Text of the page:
Posted on: Sunday, March 7, 2010

Keeping Nash becoming tough sell

By Ferd Lewis

Two weeks ago the University of Hawai'i Board of Regents publicly challenged athletic director Jim Donovan to run his department "more like a business."

It is a commandment with resonance today because if there were any doubts about making a change in the men's basketball coaching situation amid what has been a disappointing last-place finish in the Western Athletic Conference, the edict from the regents should have decided it.

With their 78-69 loss at Idaho yesterday, the Rainbow Warriors finished 10-20 (3-13 WAC) and missed the conference tournament.

They are numbers made more pointed by resulting drops in turnstile count, tickets distributed and ticket revenues.

Both average per game attendance (3,193) and tickets distributed (5,634) for home games hit at least 11-year lows, according to a UH listing. The ticket sales revenue ($993,538) slumped to at least an eight-year low.

For a department that counts on hoops to be one of its bigger breadwinners as it battles mounting deficits, these are sobering numbers.

The loss of five seniors does not portend well for next year when prospective season ticket customers will be asking for reasons to believe a turnaround is coming before they plunk down cash. Perceptions dominate and after three consecutive losing seasons under head coach Bob Nash and a 34-56 record, that is going to be a hard sell.

Especially since this was supposed to have been the turnaround year, a much anticipated payoff season for Nash, who promised as much with a "guarantee" of 18 wins at last year's awards banquet.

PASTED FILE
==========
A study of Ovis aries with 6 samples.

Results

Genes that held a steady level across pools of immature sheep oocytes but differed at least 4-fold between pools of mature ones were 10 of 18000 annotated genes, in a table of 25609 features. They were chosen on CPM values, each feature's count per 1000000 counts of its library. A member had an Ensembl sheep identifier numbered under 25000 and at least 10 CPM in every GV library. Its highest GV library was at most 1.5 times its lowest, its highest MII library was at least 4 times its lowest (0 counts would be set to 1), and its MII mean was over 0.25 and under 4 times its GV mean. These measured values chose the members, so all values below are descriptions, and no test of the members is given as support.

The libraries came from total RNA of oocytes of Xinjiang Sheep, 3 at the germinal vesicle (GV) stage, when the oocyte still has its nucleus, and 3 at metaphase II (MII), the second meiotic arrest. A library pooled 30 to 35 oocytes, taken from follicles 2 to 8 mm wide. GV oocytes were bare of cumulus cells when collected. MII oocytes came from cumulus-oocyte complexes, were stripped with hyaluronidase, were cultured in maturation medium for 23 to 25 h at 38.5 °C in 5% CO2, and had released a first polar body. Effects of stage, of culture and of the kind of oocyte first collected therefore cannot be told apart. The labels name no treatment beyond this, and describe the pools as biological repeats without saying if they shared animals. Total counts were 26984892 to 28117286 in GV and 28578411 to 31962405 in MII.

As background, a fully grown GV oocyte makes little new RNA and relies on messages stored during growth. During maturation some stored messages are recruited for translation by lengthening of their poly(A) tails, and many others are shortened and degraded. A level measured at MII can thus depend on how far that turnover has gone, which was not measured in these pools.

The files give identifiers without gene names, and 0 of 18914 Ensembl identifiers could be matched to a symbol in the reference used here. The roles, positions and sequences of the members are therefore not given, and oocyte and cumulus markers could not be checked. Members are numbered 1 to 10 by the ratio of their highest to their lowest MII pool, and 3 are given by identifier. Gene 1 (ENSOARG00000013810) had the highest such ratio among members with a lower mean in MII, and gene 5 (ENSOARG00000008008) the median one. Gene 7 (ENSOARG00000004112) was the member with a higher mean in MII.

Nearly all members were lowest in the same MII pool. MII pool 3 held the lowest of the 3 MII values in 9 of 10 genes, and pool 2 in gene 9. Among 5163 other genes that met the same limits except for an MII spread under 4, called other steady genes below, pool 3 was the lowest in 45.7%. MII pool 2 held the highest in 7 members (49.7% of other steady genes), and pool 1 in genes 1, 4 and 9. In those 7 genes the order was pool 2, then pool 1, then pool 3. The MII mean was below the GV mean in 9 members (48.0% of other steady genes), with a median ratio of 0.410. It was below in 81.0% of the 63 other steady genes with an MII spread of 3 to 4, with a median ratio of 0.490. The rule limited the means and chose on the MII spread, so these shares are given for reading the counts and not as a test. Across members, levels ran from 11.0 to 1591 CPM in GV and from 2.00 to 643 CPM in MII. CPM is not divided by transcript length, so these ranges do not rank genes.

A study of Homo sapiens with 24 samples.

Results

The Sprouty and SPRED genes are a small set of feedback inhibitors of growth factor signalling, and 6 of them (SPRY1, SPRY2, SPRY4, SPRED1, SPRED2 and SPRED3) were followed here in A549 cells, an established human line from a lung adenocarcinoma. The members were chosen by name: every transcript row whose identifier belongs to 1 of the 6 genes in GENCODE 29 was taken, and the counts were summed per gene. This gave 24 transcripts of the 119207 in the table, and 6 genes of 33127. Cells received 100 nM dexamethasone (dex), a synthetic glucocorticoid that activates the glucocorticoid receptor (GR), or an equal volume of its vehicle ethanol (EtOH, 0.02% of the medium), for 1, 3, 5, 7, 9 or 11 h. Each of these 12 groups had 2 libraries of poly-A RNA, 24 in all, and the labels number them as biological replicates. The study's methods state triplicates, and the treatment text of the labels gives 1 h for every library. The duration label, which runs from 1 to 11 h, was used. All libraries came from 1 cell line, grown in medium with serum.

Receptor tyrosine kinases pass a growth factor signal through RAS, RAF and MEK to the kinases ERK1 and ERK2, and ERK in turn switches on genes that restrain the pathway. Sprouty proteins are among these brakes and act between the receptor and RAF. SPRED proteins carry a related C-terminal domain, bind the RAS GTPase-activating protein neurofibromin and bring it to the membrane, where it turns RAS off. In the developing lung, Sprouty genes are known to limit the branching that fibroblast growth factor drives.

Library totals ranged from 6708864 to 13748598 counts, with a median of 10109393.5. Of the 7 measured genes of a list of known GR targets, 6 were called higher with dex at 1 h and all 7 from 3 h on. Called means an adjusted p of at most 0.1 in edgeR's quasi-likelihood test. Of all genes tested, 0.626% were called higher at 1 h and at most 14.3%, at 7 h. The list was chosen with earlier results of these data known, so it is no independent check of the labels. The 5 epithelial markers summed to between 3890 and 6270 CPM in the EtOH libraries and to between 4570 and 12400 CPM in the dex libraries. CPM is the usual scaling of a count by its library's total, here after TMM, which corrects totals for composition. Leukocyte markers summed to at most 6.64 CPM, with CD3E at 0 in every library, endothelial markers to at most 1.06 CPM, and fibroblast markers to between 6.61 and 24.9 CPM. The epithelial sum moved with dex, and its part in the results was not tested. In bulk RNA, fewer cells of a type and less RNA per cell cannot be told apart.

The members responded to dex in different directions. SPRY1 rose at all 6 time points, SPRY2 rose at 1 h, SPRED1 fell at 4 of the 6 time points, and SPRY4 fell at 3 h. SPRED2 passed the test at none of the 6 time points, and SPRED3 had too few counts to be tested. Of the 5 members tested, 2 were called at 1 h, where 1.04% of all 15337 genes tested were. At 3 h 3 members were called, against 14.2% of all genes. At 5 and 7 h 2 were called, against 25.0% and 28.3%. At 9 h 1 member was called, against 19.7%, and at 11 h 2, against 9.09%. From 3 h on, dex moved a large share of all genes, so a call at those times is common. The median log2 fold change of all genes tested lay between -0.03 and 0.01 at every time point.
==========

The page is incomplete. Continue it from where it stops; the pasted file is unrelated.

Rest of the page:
But the 'Bows, for a variety of reasons, including debilitating injuries and sidetracking suspensions, had trouble closing out games and never came close to delivering on expectations despite Roderick Flemings, their highly touted recruit of two years ago. Without Flemings and what could end up being the exodus of six of the top eight scorers, hope and customer confidence are already in short supply.

Can UH afford to buy out Nash's final year at $240,000? For Donovan, the operative decision will be: Can he afford not to?

It is unfortunate for Nash, who has given his all at UH for 31 years as a player and coach and done it with grace and class. He has lifted the academic level commendably and represented UH and the state well. He will always be revered as a member of the iconic Fabulous Five.

But as athletics has been reminded, it is a business now more than ever. One that comes with a demanding and unsentimental bottom line.